Christie experts awarded key national roles

Press release posted 15 August 2016

NHS England has announced the appointment of two leading Christie clinicians to help identify and develop new cancer treatments, services and standards. 

Professor Nicholas Slevin, consultant in clinical oncology at The Christie NHS Foundation Trust and Mr Vijay Sangar, consultant urological surgeon at The Christie and the University Hospital of South Manchester NHS Foundation Trust, are among 42 clinical experts and practitioners in their specialist fields to be appointed as Chairs of Clinical Reference Groups (CRGs), helping to improve standards across specialised commissioning, and ensuring best value is achieved. 

For the first time, the role of CRG Chair will be a formal, remunerated NHS England position, recognising the importance of the position in providing expert clinical oversight in their specialist area, as well as contributing to the wider strategic and clinical development of specialised services. The Chair will guide the policy development work of their respective CRGs.  

Prof Slevin will head the Radiotherapy CRG. He said: “I am looking forward to promoting closer working relationships between networked radiotherapy providers and ensuring that all patients across NHSE have equitable access to the latest radiotherapy technology and the best possible treatment.” 

Mr Sangar, who will be Chair of Specialised Cancer Surgery, added: “I am very pleased to be given this important opportunity. The NHS will always require a process of evolution. Cancer surgery has enormous scope and I hope we can nurture clinicians to move forward with the national cancer strategy collectively for long term sustainability and better outcomes for our patients.”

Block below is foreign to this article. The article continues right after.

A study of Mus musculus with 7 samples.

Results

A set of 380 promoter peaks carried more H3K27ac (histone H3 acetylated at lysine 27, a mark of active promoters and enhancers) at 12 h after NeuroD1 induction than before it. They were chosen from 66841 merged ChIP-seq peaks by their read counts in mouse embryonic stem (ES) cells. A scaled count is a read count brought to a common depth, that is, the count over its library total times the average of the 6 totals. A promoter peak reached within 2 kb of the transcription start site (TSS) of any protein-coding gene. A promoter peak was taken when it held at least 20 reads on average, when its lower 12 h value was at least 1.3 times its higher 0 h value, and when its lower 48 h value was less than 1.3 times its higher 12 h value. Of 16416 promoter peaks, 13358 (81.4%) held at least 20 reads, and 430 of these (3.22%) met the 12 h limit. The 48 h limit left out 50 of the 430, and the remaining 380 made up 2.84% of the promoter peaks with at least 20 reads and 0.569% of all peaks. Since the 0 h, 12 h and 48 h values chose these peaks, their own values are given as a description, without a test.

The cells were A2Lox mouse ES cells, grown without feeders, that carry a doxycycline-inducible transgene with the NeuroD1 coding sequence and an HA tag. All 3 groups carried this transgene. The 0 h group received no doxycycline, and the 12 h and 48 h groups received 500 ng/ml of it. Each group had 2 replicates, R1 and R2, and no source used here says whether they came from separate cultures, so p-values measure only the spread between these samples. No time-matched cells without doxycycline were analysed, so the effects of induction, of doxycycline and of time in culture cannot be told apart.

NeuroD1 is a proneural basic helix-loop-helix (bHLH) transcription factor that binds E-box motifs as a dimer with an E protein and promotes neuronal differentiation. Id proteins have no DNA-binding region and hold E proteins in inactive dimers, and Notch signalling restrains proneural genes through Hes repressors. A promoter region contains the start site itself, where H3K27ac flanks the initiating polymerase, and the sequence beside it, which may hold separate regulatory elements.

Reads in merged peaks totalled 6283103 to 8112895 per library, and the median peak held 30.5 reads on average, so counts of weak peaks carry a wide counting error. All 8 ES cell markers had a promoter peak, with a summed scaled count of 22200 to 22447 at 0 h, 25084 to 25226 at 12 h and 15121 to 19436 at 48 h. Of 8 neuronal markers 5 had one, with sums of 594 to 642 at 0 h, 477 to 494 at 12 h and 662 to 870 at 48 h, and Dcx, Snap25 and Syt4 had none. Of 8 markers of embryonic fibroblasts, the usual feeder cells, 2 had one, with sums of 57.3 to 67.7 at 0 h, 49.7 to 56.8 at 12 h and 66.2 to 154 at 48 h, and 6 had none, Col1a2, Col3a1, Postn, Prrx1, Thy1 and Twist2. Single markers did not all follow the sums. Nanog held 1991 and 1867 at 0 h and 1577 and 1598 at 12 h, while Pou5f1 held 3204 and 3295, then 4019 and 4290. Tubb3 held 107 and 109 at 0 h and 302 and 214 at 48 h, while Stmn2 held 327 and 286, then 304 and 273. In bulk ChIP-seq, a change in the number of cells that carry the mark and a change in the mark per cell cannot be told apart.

Dr Jonathan Fielden, NHS England’s Director of Specialised Commissioning and Deputy National Medical Director, said: “NHS England is committed to transforming and improving outcomes for patients and achieving best value for the resources available. Ensuring that we draw on the best clinical advice and leadership available is essential in achieving this.  

I am delighted with the appointments made across the spectrum of specialised commissioning, and am confident that each Chair – along with their respective CRG members – will make a significant contribution to developing and delivering our strategy for excellent and efficient specialised services over the coming years. 

The specialised services commissioned by NHS England – which have a combined annual budget of around £15.66bn in 2016/17 – are grouped into six National Programmes of Care (NPoC), each of which is then supported by CRGs focusing on specific clinical specialities.  

CRGs and their members play a significant role leading the development of clinical commissioning policy, service specifications and quality dashboards, advising on service reviews (what is done where and how), advising on innovation, identifying opportunities to reduce clinical variation and delivering value.   

Under the new Strategic Framework for Specialised Services, CRGs will also be expected to identify best practice in different places, helping to spread innovation and improve outcomes for all patients, as well as identify where outdated and poor value treatments, drugs and devices should no longer be supported.